Nebraska Air National Guard Civil Engineers Practice Contingency Operations at Silver Flag
By Airman 1st Class Mary E. Thach, 155 ARW/PA
/ Published August 10, 2011
Tyndall AFB, Fla. -- Sixty-four Airmen from the 155th Civil Engineering Squadron traveled to Silver Flag, a military training site near Tyndall Air Force Base, Fla., July 9 through 16 to train with newly developed engineering equipment and operate in a contingent environment.
Silver Flag allowed the members of the CES to perform combat support training during a four-day course with another day of bare-base construction with war scenarios. They also participated in classroom instruction directed specifically toward services, personnel support for contingency operations and Civil Engineering career fields.
The CES is required to train at Silver Flag every 45 months to ensure operational readiness and keep Airmen current on their knowledge of operating the latest equipment.
"We go there to prepare to operate in a contingent environment," Tech. Sgt. Sarah A. Bredthauer, non commissioned officer in charge of the simulated deployment. "It's as close as we can get to contingency operations. We are the first ones there setting up tents, generators, reverse osmosis water purification units, and plumbing."
Generally, civil engineers arrive early in the building or maintaining of a base in a real-world deployment. Their job is to ensure the base is functional, complete with latrines, showers, electricity, roads, pure water, air conditioning or heat, and many more modern conveniences to provide a comfortable environment for deployed troops. But their main priority is paramount for the mission.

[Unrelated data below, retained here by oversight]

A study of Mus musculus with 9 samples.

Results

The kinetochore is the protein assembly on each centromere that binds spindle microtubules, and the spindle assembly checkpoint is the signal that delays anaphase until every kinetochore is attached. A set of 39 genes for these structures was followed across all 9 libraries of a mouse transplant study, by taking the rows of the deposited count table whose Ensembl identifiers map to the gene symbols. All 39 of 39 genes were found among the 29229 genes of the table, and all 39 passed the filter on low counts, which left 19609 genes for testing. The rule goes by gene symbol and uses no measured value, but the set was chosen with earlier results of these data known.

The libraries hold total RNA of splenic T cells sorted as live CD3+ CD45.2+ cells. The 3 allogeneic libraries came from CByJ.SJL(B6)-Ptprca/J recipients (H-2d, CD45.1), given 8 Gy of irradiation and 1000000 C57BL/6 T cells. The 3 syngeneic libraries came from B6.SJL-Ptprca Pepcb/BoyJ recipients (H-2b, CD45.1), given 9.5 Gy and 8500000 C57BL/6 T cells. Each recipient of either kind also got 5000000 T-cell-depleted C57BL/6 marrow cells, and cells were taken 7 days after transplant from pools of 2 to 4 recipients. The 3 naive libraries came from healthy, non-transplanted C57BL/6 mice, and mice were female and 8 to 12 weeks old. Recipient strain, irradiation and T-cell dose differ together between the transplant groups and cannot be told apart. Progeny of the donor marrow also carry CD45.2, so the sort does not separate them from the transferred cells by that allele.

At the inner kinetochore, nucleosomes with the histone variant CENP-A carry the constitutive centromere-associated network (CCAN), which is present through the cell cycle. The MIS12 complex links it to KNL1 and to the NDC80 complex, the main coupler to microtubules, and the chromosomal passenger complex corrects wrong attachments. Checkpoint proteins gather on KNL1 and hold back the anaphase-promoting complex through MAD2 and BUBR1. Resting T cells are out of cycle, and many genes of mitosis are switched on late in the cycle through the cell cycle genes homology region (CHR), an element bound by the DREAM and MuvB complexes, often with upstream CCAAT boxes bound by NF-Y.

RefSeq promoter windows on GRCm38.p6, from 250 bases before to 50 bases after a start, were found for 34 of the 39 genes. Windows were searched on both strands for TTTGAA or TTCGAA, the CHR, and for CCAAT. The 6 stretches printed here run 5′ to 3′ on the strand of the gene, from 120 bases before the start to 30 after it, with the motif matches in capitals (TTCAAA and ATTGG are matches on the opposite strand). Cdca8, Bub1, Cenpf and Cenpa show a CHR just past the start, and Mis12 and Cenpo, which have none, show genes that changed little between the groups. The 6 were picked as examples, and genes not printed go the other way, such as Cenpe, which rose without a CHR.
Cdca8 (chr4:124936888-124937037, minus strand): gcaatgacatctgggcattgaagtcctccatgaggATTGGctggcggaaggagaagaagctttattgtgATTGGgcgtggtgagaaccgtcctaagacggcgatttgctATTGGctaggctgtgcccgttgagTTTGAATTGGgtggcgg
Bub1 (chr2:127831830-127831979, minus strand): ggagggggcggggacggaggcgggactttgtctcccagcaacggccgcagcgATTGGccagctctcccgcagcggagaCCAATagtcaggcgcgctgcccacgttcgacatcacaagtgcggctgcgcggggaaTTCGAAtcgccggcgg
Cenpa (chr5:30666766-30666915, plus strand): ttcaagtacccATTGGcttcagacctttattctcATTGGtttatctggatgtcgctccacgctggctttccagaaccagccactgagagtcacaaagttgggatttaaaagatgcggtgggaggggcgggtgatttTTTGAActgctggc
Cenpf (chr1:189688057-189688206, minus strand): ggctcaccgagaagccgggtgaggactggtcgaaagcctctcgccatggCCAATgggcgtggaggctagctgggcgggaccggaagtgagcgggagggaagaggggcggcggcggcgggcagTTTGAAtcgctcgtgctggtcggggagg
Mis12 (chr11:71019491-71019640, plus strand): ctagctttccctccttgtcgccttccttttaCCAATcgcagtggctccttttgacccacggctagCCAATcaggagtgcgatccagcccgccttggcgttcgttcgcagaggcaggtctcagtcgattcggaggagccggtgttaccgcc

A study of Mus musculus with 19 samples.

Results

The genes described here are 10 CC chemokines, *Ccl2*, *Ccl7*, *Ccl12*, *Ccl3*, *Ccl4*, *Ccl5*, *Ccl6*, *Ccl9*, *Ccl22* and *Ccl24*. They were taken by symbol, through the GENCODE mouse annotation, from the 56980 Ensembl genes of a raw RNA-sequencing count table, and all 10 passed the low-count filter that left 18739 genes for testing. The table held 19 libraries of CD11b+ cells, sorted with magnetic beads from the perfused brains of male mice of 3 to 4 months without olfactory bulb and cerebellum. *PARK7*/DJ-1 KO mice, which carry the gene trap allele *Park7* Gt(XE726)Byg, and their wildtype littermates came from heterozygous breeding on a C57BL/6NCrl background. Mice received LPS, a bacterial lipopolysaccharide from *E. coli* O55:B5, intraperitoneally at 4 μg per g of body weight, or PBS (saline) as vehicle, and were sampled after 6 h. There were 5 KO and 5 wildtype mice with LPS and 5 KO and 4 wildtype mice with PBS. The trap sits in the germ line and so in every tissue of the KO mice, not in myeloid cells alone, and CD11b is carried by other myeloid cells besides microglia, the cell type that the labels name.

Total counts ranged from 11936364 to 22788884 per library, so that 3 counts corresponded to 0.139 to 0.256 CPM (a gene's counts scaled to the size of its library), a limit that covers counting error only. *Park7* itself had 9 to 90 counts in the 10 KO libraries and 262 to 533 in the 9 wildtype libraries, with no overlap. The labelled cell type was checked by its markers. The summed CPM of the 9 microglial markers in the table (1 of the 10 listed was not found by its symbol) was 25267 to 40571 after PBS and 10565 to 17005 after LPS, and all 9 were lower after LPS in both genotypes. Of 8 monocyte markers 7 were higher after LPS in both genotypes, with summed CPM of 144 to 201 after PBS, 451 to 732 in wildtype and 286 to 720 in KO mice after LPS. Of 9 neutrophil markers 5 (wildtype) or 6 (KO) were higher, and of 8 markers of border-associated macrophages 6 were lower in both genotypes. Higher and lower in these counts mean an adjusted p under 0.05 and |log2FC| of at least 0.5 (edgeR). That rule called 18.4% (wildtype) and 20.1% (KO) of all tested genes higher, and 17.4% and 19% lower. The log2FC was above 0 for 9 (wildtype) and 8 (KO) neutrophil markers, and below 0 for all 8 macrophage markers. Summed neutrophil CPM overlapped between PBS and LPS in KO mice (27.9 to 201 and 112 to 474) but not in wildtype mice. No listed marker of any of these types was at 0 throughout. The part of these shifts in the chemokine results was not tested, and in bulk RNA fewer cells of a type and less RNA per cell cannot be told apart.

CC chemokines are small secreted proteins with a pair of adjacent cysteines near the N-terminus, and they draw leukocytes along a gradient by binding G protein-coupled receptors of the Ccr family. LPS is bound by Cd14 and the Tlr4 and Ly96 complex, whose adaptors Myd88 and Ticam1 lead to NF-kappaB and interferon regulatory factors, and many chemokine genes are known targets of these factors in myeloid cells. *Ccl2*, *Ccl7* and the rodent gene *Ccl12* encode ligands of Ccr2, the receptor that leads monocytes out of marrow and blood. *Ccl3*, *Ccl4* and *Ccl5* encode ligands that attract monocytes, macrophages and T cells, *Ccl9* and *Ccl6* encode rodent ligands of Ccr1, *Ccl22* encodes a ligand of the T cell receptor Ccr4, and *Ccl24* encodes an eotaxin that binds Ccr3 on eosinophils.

"Our main priority is repairing the airfield, so if there is any kind of runway damage, that is our main priority before we bed down the base," said Bredthauer.
If the training itself wasn't difficult enough, the weather was a major challenge the entire week.
By the third day of training, so much rain had fallen that four tents housing the Airmen flooded forcing them to move to different living quarters. Along with the rain, heat and humidity were constant issues, but the Airmen continued their training, completed their classes, and learned new skills.
For many Airmen, this was their first trip to Silver Flag. Staff Sgt. Tyler Loos, a fireman from CES and first time traveler to Silver Flag said his favorite part of the training was working with live fires. The fires were started with jet fuel to be an accurate representation of what the firemen might deal with in a real-life situation.
Airman 1st Class Brandon J. Dejong, a member of the roads and grounds shop was also a first time participant and said he was prepared for the scenarios presented during the week because of the training the CES received in November 2010, in North Dakota. Dejong was responsible for digging up and replacing a patch of concrete slab to demonstrate his ability to perform this task down range. He said he was glad to participate in the training because he was able to practice the detailed work his job requires.
According to Chief Master Sgt. Jeffrey A. Horne, fire chief in the CE Unit Control Center, team building among members of different units was the key for the training to be successful.
"One of the biggest challenges was trying to bring all of the firefighters from different bases together to make one team," said Horne. "We had Guard, Reserve and active duty firefighters from four different bases."
It didn't take long for the units came together and successfully proved the mission came first.
"Silver Flag gave us the opportunity to practice our war skills at a location where there (were) no interruptions and we had the opportunity to train on equipment that we don't currently have on base," said Horne.
Horne said he was happy with the performance of the Airmen and pleased they were so highly motivated.
"They are performing well above standards," he said. "Due to the ongoing deployment cycles, it is a must that Airmen are highly trained and ready to deploy."